Pienza is a quiet town tucked into the Tuscan countryside among vineyards and cypress trees in the Italian province of Siena.

The town was the birthplace of Enea Silvio Bartolomeo Piccolomini, perhaps better known as the eventual Pope Pius II. It was he who quite literally put the place on the map. Wanting to bring renown to his childhood home, Pius rebuilt the town from the ground up, changing its name from Corsignano to Pienza in the process. He spared no expense and spent his summers under that same Tuscan sun.

Today, you can visit Pienza. You can walk within the cathedral on the main square and explore the frightening maze of underground passages that comprise its crypt. You can study the pope’s summer residence, wandering through its many rooms and admiring its many works of art. And of course, you can sit at any number of cafes sipping cappuccinos until the hour strikes 11 and local custom demands you instead order a macchiato.

My wife and I did all these things. And as it so happened, not far from where we sipped our cappuccinos was another church. A humbler church. An older church. A church that predates the name Pienza and holds insight into the spirit of a town called Corsignano.

The church, we discovered, is called San Francesco. It is a holy place; we felt it as soon as we stepped inside. It was quiet, dark. The altar is little more than three huge slabs of stone. Much of the art in that place follows in that same vein: sparse, unassuming, evocative of natural elements.

I often remark on how Catholic churches hold stories within their walls. Stained glass, statues, reliquaries and paintings — these things reveal to us pilgrims some glimmer of our shared tradition, of the stories upon which we stand, the ones we continue to write.

But in this place, in San Francesco of Pienza, whatever stories its walls once held have been in large part lost to the slow meanderings of time. The frescoes remain in pieces, fractured glimpses into tales both known and otherwise.

I wonder if that wasn’t part of the appeal of the place. The stories are here, but they stand outside of the time we inhabit. There’s more here; this temple points us beyond ourselves, beyond what we can see. But we couldn’t quite reach whatever that was.

We had to accept the fact that we’d have to leave guessing at what those stories might be. We couldn’t repair the frescoes. We couldn’t experience the fullness of the story. And yet, the place was no less holy.

These past two weeks, I’ve reflected with you on storytelling: on what it means to seek out God in story; and, what our obligation is to share story as Ignatian storytellers. And so, this week, I’d like to complete the arc (at least, for now). Because it’s no secret that there are stories we simply cannot know. We don’t have the time; we aren’t in the right place. We’re left with fragments. We’re left guessing.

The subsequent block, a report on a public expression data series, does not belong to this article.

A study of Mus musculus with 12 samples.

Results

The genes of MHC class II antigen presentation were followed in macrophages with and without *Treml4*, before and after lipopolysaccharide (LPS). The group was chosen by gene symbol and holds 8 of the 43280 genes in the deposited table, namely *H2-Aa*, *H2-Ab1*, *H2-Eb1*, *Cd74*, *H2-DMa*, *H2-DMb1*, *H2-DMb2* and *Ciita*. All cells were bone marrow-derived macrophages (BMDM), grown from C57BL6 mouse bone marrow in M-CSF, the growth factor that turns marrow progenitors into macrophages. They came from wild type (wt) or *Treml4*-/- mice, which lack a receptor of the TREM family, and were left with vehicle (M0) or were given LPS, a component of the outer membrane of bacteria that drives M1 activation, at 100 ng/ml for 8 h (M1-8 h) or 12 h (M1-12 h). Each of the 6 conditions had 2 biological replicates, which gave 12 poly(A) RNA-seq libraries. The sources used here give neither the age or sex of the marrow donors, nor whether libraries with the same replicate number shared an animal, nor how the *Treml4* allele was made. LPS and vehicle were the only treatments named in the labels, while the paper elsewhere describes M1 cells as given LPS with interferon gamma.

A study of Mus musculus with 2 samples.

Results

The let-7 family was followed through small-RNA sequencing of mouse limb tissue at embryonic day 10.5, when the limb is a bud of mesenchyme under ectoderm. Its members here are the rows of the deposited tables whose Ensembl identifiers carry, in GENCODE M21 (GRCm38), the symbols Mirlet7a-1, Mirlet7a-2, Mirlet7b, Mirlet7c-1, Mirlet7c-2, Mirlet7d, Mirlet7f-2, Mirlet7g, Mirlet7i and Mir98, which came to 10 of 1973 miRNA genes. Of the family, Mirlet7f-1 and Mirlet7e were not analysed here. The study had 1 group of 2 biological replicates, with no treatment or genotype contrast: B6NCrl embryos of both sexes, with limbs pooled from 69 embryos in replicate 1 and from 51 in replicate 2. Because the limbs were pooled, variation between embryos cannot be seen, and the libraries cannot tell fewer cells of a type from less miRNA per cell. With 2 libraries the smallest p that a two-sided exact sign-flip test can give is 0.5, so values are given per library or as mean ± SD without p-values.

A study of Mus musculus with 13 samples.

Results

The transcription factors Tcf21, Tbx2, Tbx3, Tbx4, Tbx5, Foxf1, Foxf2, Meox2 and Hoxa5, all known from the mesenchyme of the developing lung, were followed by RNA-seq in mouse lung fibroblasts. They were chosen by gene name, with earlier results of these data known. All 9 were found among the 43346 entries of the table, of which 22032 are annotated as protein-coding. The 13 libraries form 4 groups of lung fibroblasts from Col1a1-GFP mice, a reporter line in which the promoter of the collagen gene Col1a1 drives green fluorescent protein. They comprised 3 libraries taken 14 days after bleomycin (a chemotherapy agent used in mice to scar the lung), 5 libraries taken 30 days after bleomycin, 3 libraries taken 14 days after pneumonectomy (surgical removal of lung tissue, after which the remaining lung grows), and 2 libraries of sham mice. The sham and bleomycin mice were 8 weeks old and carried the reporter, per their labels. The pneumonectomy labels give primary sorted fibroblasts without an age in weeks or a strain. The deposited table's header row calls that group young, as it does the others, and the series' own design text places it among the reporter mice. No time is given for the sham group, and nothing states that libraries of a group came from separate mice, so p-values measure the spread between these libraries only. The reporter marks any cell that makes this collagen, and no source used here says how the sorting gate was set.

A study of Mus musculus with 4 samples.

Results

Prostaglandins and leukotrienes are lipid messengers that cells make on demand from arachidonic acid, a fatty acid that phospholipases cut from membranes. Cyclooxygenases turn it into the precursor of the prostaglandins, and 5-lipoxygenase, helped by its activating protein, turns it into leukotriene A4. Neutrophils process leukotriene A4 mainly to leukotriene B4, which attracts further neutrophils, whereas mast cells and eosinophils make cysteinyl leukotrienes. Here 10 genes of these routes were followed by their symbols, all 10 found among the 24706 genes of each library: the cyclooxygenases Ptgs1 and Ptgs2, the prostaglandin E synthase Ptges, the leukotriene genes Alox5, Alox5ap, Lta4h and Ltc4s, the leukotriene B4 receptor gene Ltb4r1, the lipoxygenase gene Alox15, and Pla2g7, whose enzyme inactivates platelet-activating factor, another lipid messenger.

But I think that’s okay. I think that’s a holy disposition in which to find ourselves. We are left curious, wondering, awed by all that is — by all that is still beyond us.

We’re left grasping at Mystery.

And here’s what I’ve been reflecting on having left San Francesco: We don’t have to stand in an old church in Tuscany to experience this depth of mystery. We have only to look at one another, at our neighbors and our friends. At family and at strangers. Because each of us contains a depth of mystery that is ever-expanding.

Why? Because each of us contains Mystery; God is here within us, creating, dreaming up stories that have yet to unfold, stories we may never fully understand.

There’s a quote from the French Jesuit Pierre Teilhard de Chardin that comes to mind, and I invite you to pray with it this week:

“The deeper I descend into myself, the more I find God at the heart of my being; the more I multiply the links that attach me to things, the more closely does he hold me — the God who pursues in me the task, as endless as the whole sum of centuries, of the incarnation of his Son.”

This reflection is part of the award-winning weekly email series, “Now Discern This.” If you’d like to get reflections like this one directly in your inbox every Wednesday, sign up here.

a person smiling for the cameraEric A. Clayton is the award-winning author of Cannonball Moments: Telling Your Story, Deepening Your Faith and My Life with the Jedi: The Spirituality of Star Wars, an exploration of Star Wars through the lens of Ignatian spirituality (Loyola Press). He is the deputy director of communications at the Jesuit Conference of Canada and the United States. His essays on spirituality, parenting and pop culture have appeared in America MagazineNational Catholic ReporterU.S. Catholic, Busted Halo and more, and he is a regular contributor to Give Us This Day, and Dork Side of the Force, where he blogs about Star Wars. His fiction has been published by Black Hare Press, Small Wonders Magazine, Air and Nothingness Press and more.  Sign up for his Substack “Story Scraps” here. He lives in Baltimore, MD with his wife, two young daughters and their cat.